Nothing gets a person quivering with excitement quite like a chainsaw, as I discovered recently.
It’s got something to do with the justifiable fear of cutting yourself in half.
My challenge was to overcome that fear by bringing down four palms in our backyard using the ole two-stroke Excalibur.
The skills required included a daredness to dream, an ability to use a chainsaw (see daredness to dream) and a reasonable disregard for Occupational Health & Safety.
As usual the only failure would be in not trying.
And the greatest measure of success would be how I dealt with disappointment.
The palms had been little when we first moved in.
But with the passage of time and the non-strategic placement of our compost bin at the base of the palms, they’d got big. Worm juice big.
The options were: intervene now, or call a cherry picker later. Enter myself and the daredness to dream.
I’d dreamt about taking those palms out for years.
But two things had stood in my way.
A misconception that I opposed killing trees. And a fear of chainsaws.
The killing trees misconception was easily overcome. Palms aren’t trees, I was told – so, sign that death warrant.
The fear in relation to chainsaws was that the death warrant might be my own.
YouTube research suggested chainsaws cause graphic self-surgery in the wrong hands.
Sometimes to those hands.
Hence I was ginger around mine, even before I started it. In fact, it took me two years to get it out of its box.
And the first thing that happened when I did was the throttle jammed.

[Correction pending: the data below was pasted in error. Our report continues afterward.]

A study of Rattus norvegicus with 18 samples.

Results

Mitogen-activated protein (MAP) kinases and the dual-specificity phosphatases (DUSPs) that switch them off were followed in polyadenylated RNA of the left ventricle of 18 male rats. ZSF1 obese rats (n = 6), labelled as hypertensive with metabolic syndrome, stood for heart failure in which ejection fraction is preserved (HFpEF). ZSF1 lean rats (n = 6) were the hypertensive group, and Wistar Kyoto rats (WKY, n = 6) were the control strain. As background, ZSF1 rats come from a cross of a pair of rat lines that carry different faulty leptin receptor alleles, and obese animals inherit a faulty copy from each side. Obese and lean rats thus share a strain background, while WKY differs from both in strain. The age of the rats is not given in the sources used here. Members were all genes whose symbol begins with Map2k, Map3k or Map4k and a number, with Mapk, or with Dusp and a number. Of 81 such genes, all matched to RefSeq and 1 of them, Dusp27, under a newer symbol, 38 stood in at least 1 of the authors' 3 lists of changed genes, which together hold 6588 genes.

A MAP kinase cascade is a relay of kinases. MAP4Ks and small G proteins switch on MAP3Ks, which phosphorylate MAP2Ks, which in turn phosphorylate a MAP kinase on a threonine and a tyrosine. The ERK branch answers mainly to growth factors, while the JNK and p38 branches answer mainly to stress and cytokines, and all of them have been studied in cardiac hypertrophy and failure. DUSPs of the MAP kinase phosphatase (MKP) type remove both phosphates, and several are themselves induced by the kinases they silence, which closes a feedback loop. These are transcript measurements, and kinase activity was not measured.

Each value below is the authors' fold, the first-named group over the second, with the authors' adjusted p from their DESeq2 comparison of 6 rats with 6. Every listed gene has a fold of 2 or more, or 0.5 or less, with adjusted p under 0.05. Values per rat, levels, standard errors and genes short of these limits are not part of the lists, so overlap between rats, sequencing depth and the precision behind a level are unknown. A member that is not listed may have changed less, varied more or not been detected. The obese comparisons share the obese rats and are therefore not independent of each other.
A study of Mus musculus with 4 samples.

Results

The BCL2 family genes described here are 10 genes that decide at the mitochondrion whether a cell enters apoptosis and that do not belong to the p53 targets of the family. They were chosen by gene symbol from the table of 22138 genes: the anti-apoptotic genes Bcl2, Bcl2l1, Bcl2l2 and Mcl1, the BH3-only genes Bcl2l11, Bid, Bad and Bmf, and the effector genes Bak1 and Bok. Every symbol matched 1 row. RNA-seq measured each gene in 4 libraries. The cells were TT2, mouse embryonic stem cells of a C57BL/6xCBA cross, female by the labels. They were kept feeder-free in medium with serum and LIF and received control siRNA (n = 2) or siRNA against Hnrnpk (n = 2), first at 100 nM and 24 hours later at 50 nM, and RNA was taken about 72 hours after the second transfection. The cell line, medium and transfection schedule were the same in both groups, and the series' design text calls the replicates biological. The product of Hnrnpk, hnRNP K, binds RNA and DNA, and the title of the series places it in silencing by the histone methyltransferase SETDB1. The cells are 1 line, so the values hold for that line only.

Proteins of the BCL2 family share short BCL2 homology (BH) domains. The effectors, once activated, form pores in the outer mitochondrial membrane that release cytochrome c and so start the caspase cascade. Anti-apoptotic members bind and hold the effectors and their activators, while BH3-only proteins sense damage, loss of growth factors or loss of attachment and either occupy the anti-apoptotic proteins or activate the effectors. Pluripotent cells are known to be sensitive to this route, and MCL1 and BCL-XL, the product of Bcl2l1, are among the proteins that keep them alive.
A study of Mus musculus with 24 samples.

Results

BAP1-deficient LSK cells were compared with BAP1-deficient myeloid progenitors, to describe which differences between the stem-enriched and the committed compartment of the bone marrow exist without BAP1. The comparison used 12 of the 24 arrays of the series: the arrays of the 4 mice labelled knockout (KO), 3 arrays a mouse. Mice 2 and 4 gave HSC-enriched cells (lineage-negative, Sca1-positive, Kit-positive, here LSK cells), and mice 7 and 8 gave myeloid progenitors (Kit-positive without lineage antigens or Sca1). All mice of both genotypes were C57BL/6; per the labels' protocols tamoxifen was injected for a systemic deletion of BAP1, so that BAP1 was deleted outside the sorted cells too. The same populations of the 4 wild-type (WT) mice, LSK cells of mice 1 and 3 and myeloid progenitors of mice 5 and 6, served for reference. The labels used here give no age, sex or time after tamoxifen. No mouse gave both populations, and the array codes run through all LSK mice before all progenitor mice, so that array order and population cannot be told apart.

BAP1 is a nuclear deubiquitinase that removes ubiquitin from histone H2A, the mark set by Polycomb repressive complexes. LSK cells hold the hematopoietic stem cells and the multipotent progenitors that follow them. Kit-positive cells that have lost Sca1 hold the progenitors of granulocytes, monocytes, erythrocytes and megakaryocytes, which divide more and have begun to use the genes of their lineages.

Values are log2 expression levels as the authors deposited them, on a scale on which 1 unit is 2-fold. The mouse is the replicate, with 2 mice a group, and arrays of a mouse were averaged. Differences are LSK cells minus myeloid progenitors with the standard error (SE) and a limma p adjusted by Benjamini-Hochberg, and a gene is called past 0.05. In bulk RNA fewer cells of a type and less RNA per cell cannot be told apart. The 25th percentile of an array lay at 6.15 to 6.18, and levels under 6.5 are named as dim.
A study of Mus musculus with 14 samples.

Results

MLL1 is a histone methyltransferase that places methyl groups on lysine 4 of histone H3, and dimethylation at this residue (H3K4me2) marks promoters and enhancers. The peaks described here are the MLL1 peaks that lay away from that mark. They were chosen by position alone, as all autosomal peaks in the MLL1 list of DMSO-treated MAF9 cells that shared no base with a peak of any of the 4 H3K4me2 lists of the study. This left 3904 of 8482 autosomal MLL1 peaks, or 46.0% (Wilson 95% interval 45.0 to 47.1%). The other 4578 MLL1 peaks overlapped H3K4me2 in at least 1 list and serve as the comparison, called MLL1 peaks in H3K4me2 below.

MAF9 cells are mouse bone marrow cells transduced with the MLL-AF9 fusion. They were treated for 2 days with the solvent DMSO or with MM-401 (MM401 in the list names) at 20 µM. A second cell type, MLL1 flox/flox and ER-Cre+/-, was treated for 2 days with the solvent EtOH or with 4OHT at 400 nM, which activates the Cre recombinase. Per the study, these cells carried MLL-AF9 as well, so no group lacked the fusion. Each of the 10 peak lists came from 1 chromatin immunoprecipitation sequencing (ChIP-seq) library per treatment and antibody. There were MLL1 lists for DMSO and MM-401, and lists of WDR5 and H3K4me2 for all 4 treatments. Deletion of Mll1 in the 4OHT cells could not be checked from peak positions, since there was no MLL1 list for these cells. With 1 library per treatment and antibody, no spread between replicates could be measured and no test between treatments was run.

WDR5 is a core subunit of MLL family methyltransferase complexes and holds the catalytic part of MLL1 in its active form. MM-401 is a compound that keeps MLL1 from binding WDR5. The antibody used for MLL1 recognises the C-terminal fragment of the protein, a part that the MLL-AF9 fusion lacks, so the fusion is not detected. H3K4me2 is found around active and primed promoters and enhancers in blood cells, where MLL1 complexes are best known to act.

A red-lining chainsaw at arm’s length really brings your sense of ‘‘intactness’’ into focus.
Calm words of encouragement followed.
“Do you know what you’re doing?!!”
I wish I could have answered in the affirmative. But now was not the time to ponder known unknowns. Now was the time to ponder unknown unknowns – like, where would these palms land once I started lopping?
An interesting question when you’re dealing with things the size of light poles. Ideally they wouldn’t land on the house, fence or family, but that’s by no means guaranteed.
It’s always illuminating to witness individuals at the crossroad of action and inaction, glory versus disaster, perfectly OK situation versus need to call your insurance company.
You’d like to think they’d behave calm, measured, in control.
And I’m sure that’s how it sounded as me and the lumberjack support crew debated safety ropes, where to cut and whether or not certain people had brains or not.
After robust discussion of momentum, mass and how I skipped physics at high school, we just went for it.
And by the time we got to the fourth palm, we had them dropping on a dime. Well, if the dime was near the pool, then yeah, dropping in the general direction of a dime.
Prior to that they kind of dropped where they liked, with a pretty heavy ‘‘thwack’’.
Still, they reckon champions make their own luck, and by that measure we were Bradman, Lindrum and Black Caviar rolled into one. We came, we chainsawed, we conquered. Not only the palms, but fear of fear itself.
By the end I had chainie lust. Good thing it ran out of fuel.
Moving forward I’m daring to dream of a new challenge, like rewiring the house. Hopefully use the chainie again. They’re bloody awe-inspiring things. Well, not too bloody on this occasion.